AbstractThe human gut microbiome plays an important role in health, but its archaeal diversity remains largely unexplored. In the present study, we report the analysis of 1,167 nonredundant archaeal genomes (608 high-quality genomes) recovered from human gastrointestinal tract, sampled across 24 countries and rural and urban populations. We identified previously undescribed taxa including 3 genera, 15 species and 52 strains. Based on distinct genomic features, we justify the split of the Methanobrevibacter smithii clade into two separate species, with one represented by the previously undescribed ‘CandidatusMethanobrevibacter intestini’. Patterns derived from 28,581 protein clusters showed significant associations with sociodemographic characteristics such as age groups and lifestyle. We additionally show that archaea are characterized by specific genomic and functional adaptations to the host and carry a complex virome. Our work expands our current understanding of the human archaeome and provides a large genome catalogue for future analyses to decipher its impact on human physiology.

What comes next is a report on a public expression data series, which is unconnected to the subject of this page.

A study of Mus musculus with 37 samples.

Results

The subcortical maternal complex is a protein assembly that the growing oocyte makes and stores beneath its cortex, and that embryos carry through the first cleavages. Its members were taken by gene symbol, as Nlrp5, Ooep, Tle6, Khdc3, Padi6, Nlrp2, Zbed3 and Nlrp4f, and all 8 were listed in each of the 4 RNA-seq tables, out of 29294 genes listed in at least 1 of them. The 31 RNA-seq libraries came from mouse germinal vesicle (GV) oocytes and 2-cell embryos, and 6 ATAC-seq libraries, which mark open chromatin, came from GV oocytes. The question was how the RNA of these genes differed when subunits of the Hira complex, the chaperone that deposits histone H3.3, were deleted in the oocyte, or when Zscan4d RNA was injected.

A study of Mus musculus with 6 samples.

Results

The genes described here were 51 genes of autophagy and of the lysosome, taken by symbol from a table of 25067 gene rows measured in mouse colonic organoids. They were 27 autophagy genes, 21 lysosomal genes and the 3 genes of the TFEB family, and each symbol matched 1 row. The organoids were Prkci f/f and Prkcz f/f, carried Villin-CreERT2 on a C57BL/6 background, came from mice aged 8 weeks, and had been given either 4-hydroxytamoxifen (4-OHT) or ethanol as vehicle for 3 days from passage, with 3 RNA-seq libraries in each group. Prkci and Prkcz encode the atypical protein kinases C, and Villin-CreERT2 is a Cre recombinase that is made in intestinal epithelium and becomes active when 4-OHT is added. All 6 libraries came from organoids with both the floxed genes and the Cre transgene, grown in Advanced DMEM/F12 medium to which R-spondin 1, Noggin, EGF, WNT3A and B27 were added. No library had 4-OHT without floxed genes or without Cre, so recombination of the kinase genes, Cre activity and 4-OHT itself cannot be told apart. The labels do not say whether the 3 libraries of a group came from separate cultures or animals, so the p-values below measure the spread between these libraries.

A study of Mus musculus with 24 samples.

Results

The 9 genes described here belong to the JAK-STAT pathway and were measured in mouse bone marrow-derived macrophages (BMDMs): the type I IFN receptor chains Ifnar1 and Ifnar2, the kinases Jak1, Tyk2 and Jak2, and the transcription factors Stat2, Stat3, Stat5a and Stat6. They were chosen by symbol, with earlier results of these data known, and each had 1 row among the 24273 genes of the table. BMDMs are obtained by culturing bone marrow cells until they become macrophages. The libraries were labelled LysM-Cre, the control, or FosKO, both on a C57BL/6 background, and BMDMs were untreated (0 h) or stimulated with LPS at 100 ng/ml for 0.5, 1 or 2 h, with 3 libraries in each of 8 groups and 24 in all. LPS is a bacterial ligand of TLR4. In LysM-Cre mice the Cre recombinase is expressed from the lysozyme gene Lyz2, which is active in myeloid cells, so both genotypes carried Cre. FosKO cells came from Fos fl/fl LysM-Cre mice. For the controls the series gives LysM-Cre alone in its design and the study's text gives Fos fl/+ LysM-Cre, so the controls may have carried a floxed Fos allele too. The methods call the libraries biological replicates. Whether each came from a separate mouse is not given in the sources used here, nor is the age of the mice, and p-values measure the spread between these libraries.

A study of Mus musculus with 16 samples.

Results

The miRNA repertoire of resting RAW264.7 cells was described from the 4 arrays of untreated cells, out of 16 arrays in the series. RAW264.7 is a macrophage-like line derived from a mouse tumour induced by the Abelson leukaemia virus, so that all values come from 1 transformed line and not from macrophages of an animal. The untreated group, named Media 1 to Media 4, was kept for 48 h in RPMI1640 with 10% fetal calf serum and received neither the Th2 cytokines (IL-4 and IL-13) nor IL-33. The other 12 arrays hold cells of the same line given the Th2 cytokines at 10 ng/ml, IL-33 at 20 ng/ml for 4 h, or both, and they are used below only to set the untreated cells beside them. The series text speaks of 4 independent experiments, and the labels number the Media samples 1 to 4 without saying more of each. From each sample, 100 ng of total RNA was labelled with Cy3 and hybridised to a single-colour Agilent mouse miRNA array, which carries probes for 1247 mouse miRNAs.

Methanomassiliicoccus intestinalis” Issoire-Mx1 is a methanogenic archaeon found in the human gut and is a representative of the novel order of methanogens related to
. Its complete genome sequence is presented here.
We report the draft genome sequence of “
Methanomethylophilus alvus” Mx1201, a methanogen present in the human gut. It was enriched from human feces under anaerobic conditions with methanol as the substrate. Its circular genome, of around 1.7 Mb, contains genes needed for methylotrophic methanogenesis from methanol and tri-, di-, and monomethylamine.